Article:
6 Common Downfalls of Workplace Wellness Programs

Most companies approach workplace wellness programs the wrong way, according to an expert in the area, who explained that there are 6 common mistakes made by organisations in developing and rolling out such programs.

“It is definitely possible to get results from workplace wellness and achieve your business goals,” said Katrina Wilson, director of consulting firm Wellness Designs.

“In fact, research shows that financial performance increases more than 2.5 times when health and wellness is encouraged.

“The problem is that most companies are approaching wellness the wrong way,” said Wilson, who explained that regardless of the industry, the 6 common mistakes when it comes to workplace wellness are:

  • They fail to convince the “C-suite”
  • They totally miss the mark
  • They adopt a scattergun or ‘tick the box’ approach
  • They are looking for a ‘quick fix’
  • They don’t build capacity in-house to drive the strategy
  • They fail to measure the impact and value of their investment

Wilson, who recently presented a Safety Institute of Australia webinar on how to create a wellness strategy that impacts the bottom line, said there are a number of steps organisations can take to address these challenges.

“Having a customised wellness strategy is great, but it only solves half the problem. Organisations need a team that can action your strategy, so that it delivers its intended results.”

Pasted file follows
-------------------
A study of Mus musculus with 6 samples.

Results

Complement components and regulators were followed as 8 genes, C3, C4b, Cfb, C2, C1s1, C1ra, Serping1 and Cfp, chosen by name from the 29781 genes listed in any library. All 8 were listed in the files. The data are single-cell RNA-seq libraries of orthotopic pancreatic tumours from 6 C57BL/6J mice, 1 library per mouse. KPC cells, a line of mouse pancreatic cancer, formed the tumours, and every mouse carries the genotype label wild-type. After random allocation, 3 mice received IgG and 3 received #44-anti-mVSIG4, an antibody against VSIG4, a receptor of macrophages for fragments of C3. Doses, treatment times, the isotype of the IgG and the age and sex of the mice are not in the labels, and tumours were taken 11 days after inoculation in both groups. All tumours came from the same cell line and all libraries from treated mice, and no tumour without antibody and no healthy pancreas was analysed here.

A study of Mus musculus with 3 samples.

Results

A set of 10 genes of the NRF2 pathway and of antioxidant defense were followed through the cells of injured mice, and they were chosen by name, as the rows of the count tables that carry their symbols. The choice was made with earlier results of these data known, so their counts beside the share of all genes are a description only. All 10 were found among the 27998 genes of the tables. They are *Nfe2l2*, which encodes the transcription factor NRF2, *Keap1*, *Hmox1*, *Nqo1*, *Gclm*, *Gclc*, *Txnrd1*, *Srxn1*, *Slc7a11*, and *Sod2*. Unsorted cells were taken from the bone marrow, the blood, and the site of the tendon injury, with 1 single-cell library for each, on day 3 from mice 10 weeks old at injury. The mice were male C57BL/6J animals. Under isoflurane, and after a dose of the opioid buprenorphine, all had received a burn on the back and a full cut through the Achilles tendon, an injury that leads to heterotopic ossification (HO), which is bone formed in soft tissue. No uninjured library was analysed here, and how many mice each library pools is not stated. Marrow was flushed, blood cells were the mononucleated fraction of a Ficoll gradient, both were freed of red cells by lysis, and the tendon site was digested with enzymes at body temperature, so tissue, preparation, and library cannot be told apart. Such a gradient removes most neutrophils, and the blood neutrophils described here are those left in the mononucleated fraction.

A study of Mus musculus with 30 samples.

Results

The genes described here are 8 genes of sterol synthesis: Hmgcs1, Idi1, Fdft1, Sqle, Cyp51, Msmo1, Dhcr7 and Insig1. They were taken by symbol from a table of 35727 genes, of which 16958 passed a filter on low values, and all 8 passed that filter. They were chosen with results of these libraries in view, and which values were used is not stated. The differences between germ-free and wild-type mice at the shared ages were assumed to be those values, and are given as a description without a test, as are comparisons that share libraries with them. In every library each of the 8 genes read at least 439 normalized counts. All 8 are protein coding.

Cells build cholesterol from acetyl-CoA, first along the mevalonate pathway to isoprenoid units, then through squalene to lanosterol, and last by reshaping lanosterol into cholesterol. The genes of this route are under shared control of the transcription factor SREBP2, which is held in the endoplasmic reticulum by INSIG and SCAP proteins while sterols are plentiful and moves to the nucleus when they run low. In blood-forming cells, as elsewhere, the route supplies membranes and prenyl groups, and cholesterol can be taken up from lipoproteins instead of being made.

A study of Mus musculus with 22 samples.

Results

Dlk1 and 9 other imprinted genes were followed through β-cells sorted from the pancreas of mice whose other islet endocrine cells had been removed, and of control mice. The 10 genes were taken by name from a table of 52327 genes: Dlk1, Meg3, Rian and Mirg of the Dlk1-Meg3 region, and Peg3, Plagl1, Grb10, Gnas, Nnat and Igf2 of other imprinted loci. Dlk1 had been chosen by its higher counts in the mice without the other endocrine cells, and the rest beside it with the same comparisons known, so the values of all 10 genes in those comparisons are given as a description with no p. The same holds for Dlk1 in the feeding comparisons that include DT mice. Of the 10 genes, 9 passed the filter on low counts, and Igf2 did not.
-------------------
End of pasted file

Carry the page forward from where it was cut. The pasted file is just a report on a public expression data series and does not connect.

The challenge is that wellness is often tacked on to the health and safety or HR officer’s job description, and Wilson said they typically don’t receive professional wellness training and are left feeling their way in the dark with little guidance.

To help address this, Wilson developed a “Wellness Wise Academy” and she also recognised that securing buy-in at all levels of the organisation – from senior management to front line employees is critical for building a wellness culture.

Wilson added that evaluation is critical to getting results for a wellness strategy – yet she said only 12 per cent of Australian workplaces measure the overall return on investment on their workplace health and wellness program.

“You need to clearly articulate your wellness objectives and be able to measure success in order to get the executive level buy-in and resources required for effective implementation."

“Demonstrating the overall value-on-investment of your strategy will ultimately come back to what are the key drivers for investing in the first place, and how this aligns to the broader organisational goals."

“For example, is it about attracting and retaining top talent, preventing workplace injury or boosting morale and engagement, or a combination of these and other factors?"

“Measuring the impact also helps tweak your strategy to ensure results.”

There are a number of important implications in this for OHS professionals, according to Wilson, who quoted Dame Carol Black’s ‘it’s hard to be a safe worker if you’re not a healthy worker.”

“Given we spend a third of our life at work, and faced with an ageing workforce, an increasing war for talent in a global marketplace, and the changing nature of work, investing in an integrated approach to health, safety and wellness management will become even more critical to future proofing organisations into the future."

Article first published by The Safety Institute of Australia.